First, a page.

Clark County commissioners signed off on a 2 percent pay cut Tuesday that will affect almost 7,000 employees and save about $9.1 million in a year.
The savings are enough to preserve 80 jobs as the county struggles to balance its budget in the recession with as few layoffs as possible, county leaders said.
An estimated $7.8 million will come from union workers and $1.3 million from nonunion employees, whose compensation is tied to what their union counterparts get.
Members of the Service Employees International Union Local 1107 voted in favor of the reduced pay and smaller concessions last week. About 87 percent who participated voted "yes."
County Manager Don Burnette said the wage reduction doesn’t solve all the county’s financial problems but helps.
"It does provide immediate relief to a strained budget," Burnette said.
Waning tax revenue and impending actions by the Legislature could leave the county about $156 million short in the next budget year.
The county has laid off 364 workers and has frozen or eliminated about 1,500 jobs since the economic slump began a few years ago. In February, Burnette called on the heads of three dozen departments to draft plans for 9 percent budget cuts that would save $41 million and cost up to 400 jobs.
SEIU’s concessions will reduce the cuts to about 7 percent and save almost a fourth of those jobs, Burnette said.
"This decision did not come easy," said Al Martinez, local SEIU president. "Our members have given concessions before, but our county and this commission have offered a solution of shared sacrifice."
Martinez was referring to commissioners and managers themselves taking 2 percent salary reductions, a move that prompted the union to follow suit.
The county and union soon will begin bargaining to renew the contract that’s set to expire in July. The latest concessions will remain in effect if the two sides are still bargaining after the contract expires.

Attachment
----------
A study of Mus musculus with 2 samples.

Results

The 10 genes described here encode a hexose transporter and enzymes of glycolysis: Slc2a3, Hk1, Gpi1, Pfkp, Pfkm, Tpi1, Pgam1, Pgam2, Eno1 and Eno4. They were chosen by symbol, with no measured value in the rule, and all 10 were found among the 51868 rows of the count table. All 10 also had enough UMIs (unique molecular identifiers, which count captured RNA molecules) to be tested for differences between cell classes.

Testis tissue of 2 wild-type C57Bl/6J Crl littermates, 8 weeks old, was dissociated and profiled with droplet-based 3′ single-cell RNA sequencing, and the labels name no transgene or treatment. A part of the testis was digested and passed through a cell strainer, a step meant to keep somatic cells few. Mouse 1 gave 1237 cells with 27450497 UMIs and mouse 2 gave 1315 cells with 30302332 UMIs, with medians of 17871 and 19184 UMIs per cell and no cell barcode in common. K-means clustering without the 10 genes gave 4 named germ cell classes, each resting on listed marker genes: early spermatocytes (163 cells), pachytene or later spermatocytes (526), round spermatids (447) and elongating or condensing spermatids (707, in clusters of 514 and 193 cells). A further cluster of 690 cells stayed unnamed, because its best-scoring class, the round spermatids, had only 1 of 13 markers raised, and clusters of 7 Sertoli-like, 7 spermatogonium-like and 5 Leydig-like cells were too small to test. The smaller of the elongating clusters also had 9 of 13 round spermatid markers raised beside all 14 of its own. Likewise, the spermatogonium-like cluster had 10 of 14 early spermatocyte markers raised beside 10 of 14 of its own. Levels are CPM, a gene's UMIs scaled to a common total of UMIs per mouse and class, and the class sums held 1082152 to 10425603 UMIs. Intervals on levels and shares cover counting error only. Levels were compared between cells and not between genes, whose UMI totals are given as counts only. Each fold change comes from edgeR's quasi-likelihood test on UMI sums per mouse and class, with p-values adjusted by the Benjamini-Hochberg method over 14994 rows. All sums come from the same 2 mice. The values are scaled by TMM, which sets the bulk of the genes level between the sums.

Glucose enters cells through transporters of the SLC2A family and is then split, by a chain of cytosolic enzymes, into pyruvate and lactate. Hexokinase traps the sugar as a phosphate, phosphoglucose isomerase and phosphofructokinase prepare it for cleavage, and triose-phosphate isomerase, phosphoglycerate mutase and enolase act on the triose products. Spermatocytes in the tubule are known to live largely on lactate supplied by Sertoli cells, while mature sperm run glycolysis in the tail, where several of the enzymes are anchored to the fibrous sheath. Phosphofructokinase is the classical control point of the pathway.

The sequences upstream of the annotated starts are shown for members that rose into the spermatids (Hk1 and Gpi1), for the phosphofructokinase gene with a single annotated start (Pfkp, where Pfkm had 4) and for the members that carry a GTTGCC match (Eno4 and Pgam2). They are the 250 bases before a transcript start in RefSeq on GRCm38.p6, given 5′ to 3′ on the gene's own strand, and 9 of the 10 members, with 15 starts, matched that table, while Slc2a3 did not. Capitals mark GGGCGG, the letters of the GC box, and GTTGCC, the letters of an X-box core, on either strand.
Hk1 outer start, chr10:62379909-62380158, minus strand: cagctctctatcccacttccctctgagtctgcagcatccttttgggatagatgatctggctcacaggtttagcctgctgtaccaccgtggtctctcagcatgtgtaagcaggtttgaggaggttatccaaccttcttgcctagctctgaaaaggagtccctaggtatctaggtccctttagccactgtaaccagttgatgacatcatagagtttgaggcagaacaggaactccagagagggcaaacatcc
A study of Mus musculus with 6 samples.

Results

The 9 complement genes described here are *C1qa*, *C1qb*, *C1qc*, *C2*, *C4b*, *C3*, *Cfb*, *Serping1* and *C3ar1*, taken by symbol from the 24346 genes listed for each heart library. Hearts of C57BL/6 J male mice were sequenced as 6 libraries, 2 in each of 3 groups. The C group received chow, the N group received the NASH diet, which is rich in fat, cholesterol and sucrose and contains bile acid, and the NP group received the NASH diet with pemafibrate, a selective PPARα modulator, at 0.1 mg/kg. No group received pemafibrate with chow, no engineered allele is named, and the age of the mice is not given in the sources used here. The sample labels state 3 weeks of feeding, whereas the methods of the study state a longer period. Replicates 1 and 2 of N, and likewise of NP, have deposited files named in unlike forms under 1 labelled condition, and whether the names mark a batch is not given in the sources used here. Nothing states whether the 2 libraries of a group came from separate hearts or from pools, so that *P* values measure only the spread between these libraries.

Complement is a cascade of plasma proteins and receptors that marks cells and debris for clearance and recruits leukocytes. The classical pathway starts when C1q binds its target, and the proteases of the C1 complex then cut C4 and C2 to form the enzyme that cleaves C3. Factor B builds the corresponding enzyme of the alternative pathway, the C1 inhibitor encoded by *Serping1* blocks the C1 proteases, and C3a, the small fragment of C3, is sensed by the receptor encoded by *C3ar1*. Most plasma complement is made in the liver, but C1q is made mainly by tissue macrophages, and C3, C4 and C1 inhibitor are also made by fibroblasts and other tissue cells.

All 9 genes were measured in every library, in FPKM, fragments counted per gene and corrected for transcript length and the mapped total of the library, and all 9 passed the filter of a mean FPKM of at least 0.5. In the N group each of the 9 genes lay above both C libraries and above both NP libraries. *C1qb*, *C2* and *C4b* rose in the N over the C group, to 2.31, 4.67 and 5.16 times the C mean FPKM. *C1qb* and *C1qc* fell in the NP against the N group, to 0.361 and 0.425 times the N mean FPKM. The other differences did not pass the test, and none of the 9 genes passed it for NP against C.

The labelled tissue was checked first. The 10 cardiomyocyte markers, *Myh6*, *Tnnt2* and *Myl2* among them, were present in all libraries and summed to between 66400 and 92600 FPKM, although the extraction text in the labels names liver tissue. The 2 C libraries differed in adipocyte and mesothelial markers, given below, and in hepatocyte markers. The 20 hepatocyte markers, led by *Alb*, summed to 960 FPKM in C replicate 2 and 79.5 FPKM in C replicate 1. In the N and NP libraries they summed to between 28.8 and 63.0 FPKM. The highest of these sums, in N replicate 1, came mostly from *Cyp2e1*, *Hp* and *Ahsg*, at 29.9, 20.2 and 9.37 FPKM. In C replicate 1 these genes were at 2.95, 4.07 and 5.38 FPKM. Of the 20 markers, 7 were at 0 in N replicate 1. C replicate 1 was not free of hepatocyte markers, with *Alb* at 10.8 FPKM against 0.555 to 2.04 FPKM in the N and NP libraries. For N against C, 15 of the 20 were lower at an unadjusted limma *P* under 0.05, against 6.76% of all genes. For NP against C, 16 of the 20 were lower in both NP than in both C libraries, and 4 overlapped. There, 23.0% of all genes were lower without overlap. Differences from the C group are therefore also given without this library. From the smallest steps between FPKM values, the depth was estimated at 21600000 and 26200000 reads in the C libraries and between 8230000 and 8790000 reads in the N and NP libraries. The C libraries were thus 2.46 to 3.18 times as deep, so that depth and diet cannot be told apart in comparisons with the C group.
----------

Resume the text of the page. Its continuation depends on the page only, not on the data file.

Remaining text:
Longevity pay will be on the table in the next round of labor talks. However, in return for the concessions, overtime pay will not be negotiated.
Aside from the 2 percent pay cuts, new-hires will pay 10 percent of their health care premiums. Workers now pay an average of 8.3 percent of premiums, according to county data.
Union officials made one substantial gain: The total number of hours they can use for union activities while on the clock was bumped to 2,080 from 1,375.
Also, most employees will continue getting merit raises up to 4 percent. About 70 percent qualify for those bumps. And those with at least eight years of service will keep receiving longevity pay until they retire.
Commissioner Steve Sisolak voted against the proposal, arguing that the raises and longevity perk don’t make it a true pay cut.
"I think it’s important … to freeze everything," Sisolak said. "This is not a cut. It’s an increase. And I can’t support it for that reason."
Commissioner Tom Collins, who often butts heads with Sisolak on labor issues, had mixed sentiments about the pay cuts, arguing that reducing holidays and vacation, especially for newer workers, was a longer-term solution.
He has suggested trimming employees’ time off before, but his recommendations have gone nowhere.
Collins called the current method of longevity unfair because it’s based on a percentage of a person’s wage rather than a flat sum for each year of service. That leads to the highest-paid employees receiving a lot more than lower-ranking ones, he said.
"Give up the quick fixes," Collins said before voting "yes" on the 2 percent cut.
Contact reporter Scott Wyland at swyland@review journal.com or 702-455-4519.